Berlin-based Argentine artist Tomás Saraceno (b. 1973), whose first UK solo exhibition Web(s) of Life inaugurated recently at the Serpentine Gallery in London and runs until September 10, 2023, tells us about the need to change our habits rather than the climate, the role of art in fighting climate change and how he thinks we can drive the necessary transition towards a more sustainable world.
The show relies solely on solar power, which means the gallery will often have to shut down. How will the show be affected and is this an important part of your statement on climate change?
Weather dependency is really at the heart of Web(s) of Life, and is a statement about how we need to change our habits, not the climate. With energy scarce, the air conditioning will be off, triggering the performance for both visitors and staff: If it is very hot, we urge the gallery staff to work slower or take a break. If there is no energy to power the video projector, we encourage visitors to go outside and enjoy the weather. What we hope to achieve with this weather-dependent installation is to demonstrate to visitors that these are not limitations or inconveniences, but conditions that gesture to our inescapable and necessary connectedness with other beings and places. One movement sends vibrations through the whole web. We do not act as individuals but as part of a global ecosystem.
How has the transition to becoming weather-dependent in the Aerocene era influenced the design and concept of the Web(s) of Life exhibition?
For over 20 years, in the Aerocene era, we have been learning to become weather-dependent, working with the sun and winds, attuning to Earth's shifting weather patterns, rather than trying to overcome them. Continuing this trajectory, Web(s) of Life is wholly reliant on solar power from newly installed 27.6m2 panels on the Serpentine’s roof, enabling a peak production of up to 5.6 kWh in one hour during sunny days. Depending on the weather, the exhibition may enter different modes — sunny, partly sunny, and cloudy – leading certain installations to switch off, dim down, or run at a lower frequency. In heat wave mode, the indoor galleries will be partially closed to humans, who are invited to join other participants, such as birds, spiders, bees, and squirrels in enjoying the multispecies sculptures spilling out of the west wing of the gallery and into the park.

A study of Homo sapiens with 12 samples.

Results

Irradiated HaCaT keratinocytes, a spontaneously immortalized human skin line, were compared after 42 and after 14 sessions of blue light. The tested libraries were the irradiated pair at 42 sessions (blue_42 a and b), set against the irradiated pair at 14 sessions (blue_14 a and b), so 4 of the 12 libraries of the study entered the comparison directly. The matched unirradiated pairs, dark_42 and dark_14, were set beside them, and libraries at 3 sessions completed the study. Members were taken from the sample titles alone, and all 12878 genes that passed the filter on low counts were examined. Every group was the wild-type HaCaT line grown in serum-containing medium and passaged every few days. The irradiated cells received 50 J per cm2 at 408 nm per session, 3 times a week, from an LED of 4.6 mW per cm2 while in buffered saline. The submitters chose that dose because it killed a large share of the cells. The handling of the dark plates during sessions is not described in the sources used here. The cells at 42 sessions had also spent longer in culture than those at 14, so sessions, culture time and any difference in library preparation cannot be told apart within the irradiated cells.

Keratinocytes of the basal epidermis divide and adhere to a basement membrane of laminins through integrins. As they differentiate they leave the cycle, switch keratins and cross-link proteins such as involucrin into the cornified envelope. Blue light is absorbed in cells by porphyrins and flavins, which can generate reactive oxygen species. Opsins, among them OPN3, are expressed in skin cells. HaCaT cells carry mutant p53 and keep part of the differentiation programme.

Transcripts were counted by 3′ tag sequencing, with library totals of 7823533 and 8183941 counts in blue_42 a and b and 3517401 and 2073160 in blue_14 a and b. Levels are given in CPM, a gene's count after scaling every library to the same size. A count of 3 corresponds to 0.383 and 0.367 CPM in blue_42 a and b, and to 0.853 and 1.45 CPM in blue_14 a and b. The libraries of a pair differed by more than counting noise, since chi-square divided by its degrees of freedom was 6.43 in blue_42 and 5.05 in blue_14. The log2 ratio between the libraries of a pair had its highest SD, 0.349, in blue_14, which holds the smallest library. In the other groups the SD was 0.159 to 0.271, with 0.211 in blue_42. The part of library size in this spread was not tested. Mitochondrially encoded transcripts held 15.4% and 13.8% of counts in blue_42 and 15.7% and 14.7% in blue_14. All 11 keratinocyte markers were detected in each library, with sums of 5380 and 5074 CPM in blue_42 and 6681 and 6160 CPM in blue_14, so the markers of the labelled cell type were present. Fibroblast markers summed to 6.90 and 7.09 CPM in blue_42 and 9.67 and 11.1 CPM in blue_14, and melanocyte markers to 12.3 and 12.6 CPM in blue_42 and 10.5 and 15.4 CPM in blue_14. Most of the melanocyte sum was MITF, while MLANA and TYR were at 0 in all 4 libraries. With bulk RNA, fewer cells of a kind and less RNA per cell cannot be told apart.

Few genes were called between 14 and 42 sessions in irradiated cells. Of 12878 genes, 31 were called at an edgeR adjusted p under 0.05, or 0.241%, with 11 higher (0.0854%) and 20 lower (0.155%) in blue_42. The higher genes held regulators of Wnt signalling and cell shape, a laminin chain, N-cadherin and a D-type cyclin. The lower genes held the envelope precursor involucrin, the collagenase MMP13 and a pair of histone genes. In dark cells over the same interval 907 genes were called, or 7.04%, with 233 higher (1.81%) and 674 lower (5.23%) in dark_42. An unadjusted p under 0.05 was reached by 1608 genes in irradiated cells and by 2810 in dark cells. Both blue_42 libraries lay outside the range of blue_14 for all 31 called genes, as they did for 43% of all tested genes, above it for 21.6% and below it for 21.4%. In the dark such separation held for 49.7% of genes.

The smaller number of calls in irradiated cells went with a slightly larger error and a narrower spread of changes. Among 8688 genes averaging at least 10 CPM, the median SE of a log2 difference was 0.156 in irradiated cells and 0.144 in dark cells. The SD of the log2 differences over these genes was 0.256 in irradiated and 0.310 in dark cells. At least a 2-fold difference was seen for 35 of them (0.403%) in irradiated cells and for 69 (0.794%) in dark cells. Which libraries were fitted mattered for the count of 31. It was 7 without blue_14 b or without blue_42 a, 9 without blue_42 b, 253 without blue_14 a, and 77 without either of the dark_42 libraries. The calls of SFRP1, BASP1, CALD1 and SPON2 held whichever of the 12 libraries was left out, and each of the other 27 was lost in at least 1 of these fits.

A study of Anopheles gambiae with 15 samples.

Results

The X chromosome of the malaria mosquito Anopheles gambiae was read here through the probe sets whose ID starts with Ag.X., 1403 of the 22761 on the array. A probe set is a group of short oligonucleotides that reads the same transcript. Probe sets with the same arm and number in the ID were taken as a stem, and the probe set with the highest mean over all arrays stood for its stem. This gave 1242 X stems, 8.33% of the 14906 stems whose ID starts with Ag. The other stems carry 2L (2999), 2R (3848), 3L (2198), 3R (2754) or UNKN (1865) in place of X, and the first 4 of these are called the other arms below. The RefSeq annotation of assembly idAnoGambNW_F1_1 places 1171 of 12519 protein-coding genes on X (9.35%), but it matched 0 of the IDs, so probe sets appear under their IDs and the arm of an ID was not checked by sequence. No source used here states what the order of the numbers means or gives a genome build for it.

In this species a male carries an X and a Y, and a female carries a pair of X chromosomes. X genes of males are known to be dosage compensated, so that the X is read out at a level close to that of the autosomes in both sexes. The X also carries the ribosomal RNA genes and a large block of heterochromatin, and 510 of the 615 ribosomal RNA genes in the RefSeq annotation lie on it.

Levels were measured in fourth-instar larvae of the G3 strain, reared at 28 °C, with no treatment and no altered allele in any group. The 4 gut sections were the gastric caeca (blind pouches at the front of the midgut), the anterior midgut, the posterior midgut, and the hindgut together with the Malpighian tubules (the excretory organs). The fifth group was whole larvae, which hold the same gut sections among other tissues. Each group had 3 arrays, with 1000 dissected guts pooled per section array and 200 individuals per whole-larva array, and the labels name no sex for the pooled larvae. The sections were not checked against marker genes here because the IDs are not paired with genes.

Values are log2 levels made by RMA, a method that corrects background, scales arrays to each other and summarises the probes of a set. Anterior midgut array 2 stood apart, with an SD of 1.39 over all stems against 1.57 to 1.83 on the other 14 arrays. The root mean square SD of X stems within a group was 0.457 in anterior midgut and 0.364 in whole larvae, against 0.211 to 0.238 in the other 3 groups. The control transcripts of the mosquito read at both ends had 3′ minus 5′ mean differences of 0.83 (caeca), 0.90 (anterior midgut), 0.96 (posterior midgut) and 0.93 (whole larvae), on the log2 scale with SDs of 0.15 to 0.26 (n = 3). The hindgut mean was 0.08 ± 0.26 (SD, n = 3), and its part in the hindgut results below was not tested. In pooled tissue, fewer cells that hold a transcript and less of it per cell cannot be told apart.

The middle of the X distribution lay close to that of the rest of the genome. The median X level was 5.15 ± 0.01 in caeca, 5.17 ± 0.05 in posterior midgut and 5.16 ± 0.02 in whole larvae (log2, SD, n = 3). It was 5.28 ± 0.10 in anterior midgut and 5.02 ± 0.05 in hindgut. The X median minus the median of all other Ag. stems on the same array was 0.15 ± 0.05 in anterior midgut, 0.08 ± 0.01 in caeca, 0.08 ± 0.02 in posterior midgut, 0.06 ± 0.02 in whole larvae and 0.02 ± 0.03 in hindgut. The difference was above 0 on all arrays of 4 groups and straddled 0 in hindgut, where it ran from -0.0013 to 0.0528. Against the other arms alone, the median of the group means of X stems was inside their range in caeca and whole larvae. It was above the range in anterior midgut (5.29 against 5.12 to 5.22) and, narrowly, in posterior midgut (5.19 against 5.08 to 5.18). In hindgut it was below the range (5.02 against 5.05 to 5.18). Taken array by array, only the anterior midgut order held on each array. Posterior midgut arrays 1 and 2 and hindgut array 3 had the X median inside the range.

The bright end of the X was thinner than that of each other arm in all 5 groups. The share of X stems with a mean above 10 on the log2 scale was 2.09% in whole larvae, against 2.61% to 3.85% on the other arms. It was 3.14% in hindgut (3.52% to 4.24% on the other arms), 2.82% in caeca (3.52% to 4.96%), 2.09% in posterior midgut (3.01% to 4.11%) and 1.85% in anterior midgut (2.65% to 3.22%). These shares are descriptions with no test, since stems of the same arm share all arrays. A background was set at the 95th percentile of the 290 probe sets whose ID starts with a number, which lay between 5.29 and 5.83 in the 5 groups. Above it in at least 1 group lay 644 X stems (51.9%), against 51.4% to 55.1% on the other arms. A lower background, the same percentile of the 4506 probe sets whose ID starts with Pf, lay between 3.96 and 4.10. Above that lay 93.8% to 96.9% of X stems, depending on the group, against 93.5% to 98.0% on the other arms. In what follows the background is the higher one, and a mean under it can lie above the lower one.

You’re known for reflecting on the ways we inhabit the earth, and you’ve embarked on ambitious projects like a solar-powered balloon powered solely by the sun and air which you flew over a salt lake in Argentina, which we can see in a film at the show. Can you tell us about the role of art to fight climate change?
Although we are really excited to be running this show with solar power, we know that transitioning to renewables is not enough. An ecosocial energy transition must consist of the degrowth of rich nations: we need to scale down to sustainable levels and reduce our energy consumption. This must start with both individuals and institutions alike recognising our interconnectedness with the climate. Knowing that the air conditioning is switched off, the show is set to consume less energy than it produces, feeding the surplus into the national grid during the three-month duration. Of course, no energy is clean, but by generating power for the exhibition on site, its various costs — monetary, social, and ecological — become more tangible. The performance turns the exhibition into a living organism that sleeps and breathes, overheats and quiets down, and asks us all to follow. To affect an ecosocial transition — as outlined in the Manifesto for an Eco Social Energy Transition by the Peoples of the South — it is our behaviour that needs to change, not the climate.